Which project structure should we choose?

Which project structure should we choose?

Read Storms consultant Marcus Sørensens article about ‘Which project structure should we choose?’

When companies decide to go from a reactive problem solving process to a proactive problem solving process, they often need to decide which project structure should be used. The decision can be based on various factors;

  • Do we have any requirements regarding a specific structure for problem solving from our customers?
  • Do we already have a structure in the company which we can use?
  • What is best practice in our industry?

A various number of project structures are already available, but our work with different clients has showed that especially two structures have been adapted with great success; the DMAIC and 8D structure.

 

Project structures

DMAIC:

The DMAIC structure is the abbreviation of Define, Measure, Analyse, Improve and Control, referring to the five steps in the structure (fig 1).

Which project structure should we choose?

Figure 1 DMAIC structure (Click on the picture to see it more clearly).

 

Behind the DMAIC philosophy is Motorola, who established the structure in 1986 as a quality development program.

 

8D:

The 8D structure was created in 1974 by the U.S. Department of Defense as a result of poor supplier performance. It was then issued as a Military Standard (MIL-STD 1520, Corrective Action and Disposition System for Non confirming Material), but was abolished later in 1995.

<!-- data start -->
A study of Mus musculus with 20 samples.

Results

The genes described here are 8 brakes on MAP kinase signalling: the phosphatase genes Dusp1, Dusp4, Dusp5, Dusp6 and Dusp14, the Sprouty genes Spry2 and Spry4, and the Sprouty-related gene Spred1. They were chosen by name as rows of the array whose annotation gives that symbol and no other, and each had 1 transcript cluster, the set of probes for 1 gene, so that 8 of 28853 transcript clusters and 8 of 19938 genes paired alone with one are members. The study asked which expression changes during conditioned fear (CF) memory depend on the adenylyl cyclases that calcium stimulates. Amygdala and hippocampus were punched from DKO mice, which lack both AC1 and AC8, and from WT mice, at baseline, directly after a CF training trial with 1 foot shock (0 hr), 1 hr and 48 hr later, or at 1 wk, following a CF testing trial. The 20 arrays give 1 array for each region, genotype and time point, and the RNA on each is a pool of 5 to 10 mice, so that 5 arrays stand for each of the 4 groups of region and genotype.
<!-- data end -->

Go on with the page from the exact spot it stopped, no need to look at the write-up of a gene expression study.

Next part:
Which project structure should we choose?

 

Figure 2 8D structure (click on the figure to see it more clearly)

 

DMAIC or 8D – what is the difference?

The two structures are in many ways identical and serve the same purpose of problem solving. They both offer a step-by-step approach and some well defined phases. This if often very helpful to the project management, e.g. planning and following progress.

 

However, especially two differences separate the structures; the interim containment actions and the tools offered in each phase.

 

In the DMAIC structure, no actions related to interim containment actions are mentioned, while in 8D it is mentioned as a separate step. The interim containment actions are especially relevant if you act reactively, and if your customer is already affected by the problem you are trying to solve.

 

Another important difference is the applied tools and their link to the models. While 8D only offer a structure, DMAIC offer a complete toolbox for each phase. The tools offered in the DMAIC structure is a mix of concepts and statistical tools for e.g. analysis and optimization. Besides being “just” a project structure, DMAIC is part of the Six Sigma management philosophy, which has a very data driven focus. Because of this, DMAIC is not only serving as a structure, but is often part of a data driven culture and mindset and can be used as a tool for facilitating the change to become a fact orientated company.

 

The third difference is the availability of international standards. While 8D is not covered by any such standards, a variety of international standards support the DMAIC structure (e.g. ISO13053-1 and ISO13053-2).

When deciding which structure to use, the table below can be used as a guideline, depending on the company’s requirements.

 

Scope8DDMAIC
Provides project structureYesYes
Provides containment action evaluationYesNo
Provides concepts and toolsNoYes
Data drivenNoYes
ISO standards availableNoYes

Table 1 8D vs DMAIC

 

As it can be seen in the table, the DMAIC structure is providing a wider scope compared to 8D, and if adding the containment action evaluation to DMAIC, the structure may be the most useful structure for working with proactive problem solving.

 

So, to the question regarding the use of either 8D or DMAIC, the short answer would be; use the structure requested by the customer. If the customer has no specific request, the DMAIC would maybe be the preferred structure as it also combines the tools and data driven mindset.